Provenance provenance provenance

Ariel Sabar has a new article out in the Atlantic digging into the provenance of the papyrus known as the Gospel of Jesus’s Wife or the Jesus Wife fragment.  Sabar makes a strong case that the fragment’s owner is Walter Fritz, a Florida man with knowledge of Coptic and multiple potential motivations for this endeavor.

Read the article.

I have a few thoughts:

  1. Sabar writes: “I wondered why no one had conducted a different sort of test: a thorough vetting of the papyrus’s chain of ownership.”  Many of us (Roberta Mazza, myself, others) have been arguing that a thorough accounting of provenance is the only means of proving the authenticity of the fragment, and more importantly, that provenance needs to be a more widespread concern in the academy.  None of us academics, however, are investigative reporters; the labor and time that Sabar invested in investigating provenance is quite astounding.  I thank him for it and hope that this incident leads to more scrutiny and awareness.
  2. The DaVinci Code may have had something to do with it after all but…
  3.  …perhaps not as the dominant motivation, which may have been financial (which is probably the motivation of most art/antiquity forgeries)
  4. Sabar writes of Fritz, “He had even more scorn for critics of the Jesus’s-wife papyrus, deriding them as “county level” scholars from the “University of Eastern Pee-Pee Land” who think their nitpicking of Coptic phrases can compete with scientific tests at places like Columbia University and MIT that have yielded no physical proof of forgery.”  I have noted for some time the importance of social networks in the scholarship on this fragment, and on the way the academic prestige economy has functioned.  Many of the scholars who exposed the document as a forgery or produced important knowledge about the document and the controversy, are NOT at elite universities.  I have a forthcoming article that talks about precisely this issue.  Fritz derides the people who exposed his work, thus proving my point:  that the status of the scholars who authenticated the fragment (status according to markers such as their institution) lent authenticity to the document as much as their methods or work did.
  5. Ariel Sabar was in my graduating class at Brown #evertrue

Edited to add…

6. The sexual politics in this saga are strange indeed, and one can’t help but wonder, after reading Sabar’s piece, about the relationship between the owner’s personal sexual politics/ views on gender and this episode.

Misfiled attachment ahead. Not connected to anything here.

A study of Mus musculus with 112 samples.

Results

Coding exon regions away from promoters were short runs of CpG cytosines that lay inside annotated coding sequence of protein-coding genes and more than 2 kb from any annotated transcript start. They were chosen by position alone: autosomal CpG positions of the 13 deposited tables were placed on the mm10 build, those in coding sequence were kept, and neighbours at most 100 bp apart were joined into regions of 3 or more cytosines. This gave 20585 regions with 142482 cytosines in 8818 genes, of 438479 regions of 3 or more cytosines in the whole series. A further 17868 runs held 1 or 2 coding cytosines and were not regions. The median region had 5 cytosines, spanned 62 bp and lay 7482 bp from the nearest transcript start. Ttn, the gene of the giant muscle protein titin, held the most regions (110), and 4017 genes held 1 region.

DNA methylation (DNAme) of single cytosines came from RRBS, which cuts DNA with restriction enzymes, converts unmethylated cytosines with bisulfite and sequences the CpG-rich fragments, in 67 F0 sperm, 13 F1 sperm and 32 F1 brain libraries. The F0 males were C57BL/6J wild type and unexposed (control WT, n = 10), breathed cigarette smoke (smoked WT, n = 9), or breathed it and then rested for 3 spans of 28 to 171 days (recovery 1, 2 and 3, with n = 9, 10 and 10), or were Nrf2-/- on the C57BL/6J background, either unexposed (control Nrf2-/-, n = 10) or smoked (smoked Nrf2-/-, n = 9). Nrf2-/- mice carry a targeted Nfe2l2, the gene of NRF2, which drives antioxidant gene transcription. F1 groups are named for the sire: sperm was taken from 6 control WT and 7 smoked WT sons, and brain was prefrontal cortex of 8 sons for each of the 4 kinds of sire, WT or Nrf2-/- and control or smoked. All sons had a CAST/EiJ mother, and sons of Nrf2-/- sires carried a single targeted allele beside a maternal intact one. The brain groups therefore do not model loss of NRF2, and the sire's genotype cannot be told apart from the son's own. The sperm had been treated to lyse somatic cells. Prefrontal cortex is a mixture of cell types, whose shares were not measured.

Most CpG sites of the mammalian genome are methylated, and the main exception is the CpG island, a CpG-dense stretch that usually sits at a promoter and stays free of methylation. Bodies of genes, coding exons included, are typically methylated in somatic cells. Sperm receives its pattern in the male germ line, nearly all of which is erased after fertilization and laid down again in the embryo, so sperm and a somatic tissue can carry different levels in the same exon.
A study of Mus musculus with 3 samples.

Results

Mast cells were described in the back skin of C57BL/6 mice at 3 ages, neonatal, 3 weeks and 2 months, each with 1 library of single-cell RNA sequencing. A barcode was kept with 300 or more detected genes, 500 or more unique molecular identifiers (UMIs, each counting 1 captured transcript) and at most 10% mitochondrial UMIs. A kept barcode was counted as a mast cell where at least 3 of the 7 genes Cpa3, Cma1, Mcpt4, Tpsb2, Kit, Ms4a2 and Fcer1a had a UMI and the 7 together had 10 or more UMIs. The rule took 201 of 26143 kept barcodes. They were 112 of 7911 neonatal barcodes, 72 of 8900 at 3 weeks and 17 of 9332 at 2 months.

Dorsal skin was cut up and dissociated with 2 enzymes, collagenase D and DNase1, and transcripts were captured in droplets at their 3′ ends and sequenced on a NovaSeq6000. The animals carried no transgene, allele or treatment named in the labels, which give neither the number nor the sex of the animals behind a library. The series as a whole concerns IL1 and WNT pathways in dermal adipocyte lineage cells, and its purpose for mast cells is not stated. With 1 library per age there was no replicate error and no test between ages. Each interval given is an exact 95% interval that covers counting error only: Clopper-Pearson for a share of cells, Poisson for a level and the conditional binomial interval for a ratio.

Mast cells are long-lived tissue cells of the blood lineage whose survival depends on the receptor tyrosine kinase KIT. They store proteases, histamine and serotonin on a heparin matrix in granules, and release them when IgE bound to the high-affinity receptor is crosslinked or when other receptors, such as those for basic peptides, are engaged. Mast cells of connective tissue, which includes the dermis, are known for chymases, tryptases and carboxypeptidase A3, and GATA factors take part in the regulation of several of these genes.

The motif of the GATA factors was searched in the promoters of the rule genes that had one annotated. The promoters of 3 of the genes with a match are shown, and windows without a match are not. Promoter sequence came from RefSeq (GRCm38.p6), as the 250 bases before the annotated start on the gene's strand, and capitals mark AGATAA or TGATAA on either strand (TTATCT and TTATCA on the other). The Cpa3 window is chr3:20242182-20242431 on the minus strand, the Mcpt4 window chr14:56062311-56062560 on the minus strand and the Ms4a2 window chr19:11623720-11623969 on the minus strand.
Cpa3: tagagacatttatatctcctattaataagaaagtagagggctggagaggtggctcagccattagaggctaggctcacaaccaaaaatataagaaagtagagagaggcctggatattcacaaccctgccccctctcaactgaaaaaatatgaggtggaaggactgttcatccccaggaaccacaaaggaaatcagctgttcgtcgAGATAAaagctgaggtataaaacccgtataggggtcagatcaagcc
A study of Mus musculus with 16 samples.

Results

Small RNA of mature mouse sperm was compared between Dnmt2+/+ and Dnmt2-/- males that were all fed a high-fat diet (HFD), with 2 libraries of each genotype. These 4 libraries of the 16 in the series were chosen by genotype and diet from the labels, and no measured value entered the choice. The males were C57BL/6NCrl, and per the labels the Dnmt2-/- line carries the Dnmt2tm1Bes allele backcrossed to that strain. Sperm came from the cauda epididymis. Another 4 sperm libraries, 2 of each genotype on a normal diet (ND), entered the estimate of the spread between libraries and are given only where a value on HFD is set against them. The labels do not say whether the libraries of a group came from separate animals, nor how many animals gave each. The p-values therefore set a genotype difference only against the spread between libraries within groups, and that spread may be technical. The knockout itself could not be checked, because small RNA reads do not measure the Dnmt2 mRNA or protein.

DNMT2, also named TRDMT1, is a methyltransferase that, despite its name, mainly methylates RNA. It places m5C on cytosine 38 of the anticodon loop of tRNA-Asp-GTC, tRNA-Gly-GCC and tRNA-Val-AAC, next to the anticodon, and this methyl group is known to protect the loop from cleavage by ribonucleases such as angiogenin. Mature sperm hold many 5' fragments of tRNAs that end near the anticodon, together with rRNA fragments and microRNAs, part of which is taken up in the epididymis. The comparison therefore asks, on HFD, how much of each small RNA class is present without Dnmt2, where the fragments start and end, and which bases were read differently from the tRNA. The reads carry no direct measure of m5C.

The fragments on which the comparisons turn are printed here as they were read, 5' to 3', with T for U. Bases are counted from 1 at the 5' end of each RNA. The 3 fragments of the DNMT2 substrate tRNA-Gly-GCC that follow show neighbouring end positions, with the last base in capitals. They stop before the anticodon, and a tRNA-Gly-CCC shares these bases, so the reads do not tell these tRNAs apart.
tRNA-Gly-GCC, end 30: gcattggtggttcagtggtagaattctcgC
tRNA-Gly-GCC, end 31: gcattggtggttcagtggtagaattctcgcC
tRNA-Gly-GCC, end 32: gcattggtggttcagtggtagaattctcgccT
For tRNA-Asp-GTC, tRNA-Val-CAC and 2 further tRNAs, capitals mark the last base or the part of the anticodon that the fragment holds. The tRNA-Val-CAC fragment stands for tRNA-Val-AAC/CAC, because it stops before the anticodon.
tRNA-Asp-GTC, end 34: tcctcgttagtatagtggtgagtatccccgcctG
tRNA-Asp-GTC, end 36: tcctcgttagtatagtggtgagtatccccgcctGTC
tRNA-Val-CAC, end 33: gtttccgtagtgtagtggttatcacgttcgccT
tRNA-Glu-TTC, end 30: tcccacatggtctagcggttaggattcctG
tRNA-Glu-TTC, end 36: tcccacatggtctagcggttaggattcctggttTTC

Edited to add on 6/16:  It has been pointed out to me that I may have overstated my point on provenance by using the language of “only.”  I agree — provenance is not the only means of proving authenticity, and paleography and philology in this case demonstrated the case for forgery. Rather, what I am trying to argue is that provenance should be considered by scholars from the beginning in their work, that it should be more transparent, and that this transparency about provenance gives authenticity to the work.

5 thoughts on “Provenance provenance provenance

  1. >>the labor and time that Sabar invested in investigating provenance is quite astounding. <<

    But note that the main source of the problems were the anonymity of the owner, once by a bit of digging and a hunch he had the owner's name and email address, and "dropped Fritz’s name and email address into Google"… "What happened next felt almost too easy".

    Professor King had both right from the outset (and then hid them) and if she'd used them she'd have been aware that matters were by no means so simple as the story she swallowed. If the owner's identity had not been hidden, the whole story would have been out in the open much sooner.

    As for the scientific tests comment, I found that interesting in the context of an individual who left the humanities for a technical career.

    Now how is the Harvard School of Divinity going to treat a papyrus which it turns out is the property of two porn stars?

    • Yes, the point of my title was that provenance matters and should be disclosed.

      I do find it disturbing that you point to the sexual practices of the fragment owners as a reason for Harvard to disown the fragment: “Now how is the Harvard School of Divinity going to treat a papyrus which it turns out is the property of two porn stars?”

      Really the issue is that it’s a forgery.

      One of the problems in this whole saga, from multiple communities, has been the association of aspects of different people’s identities (academic status, gender, religion, etc.) as proxy markers of authenticity of the fragment.

      • I am sure we can agree that the issue is that objects just “surfacing” from the opacity of the market should have their collecting history and actual origins thoroughly examined by academics before they decide to handle them. If they do, a condition of handling licitly-obtained and licitly-owned source material must be complete disclosure, not hiding of important facts. The fact that the academic here agreed to hide important details to gain access has landed her, her institution and a whole field of study in a highly embarrassing situation. [My understanding was that the fragment is currently housed actually in the Harvard School of Divinity, hence my remark.]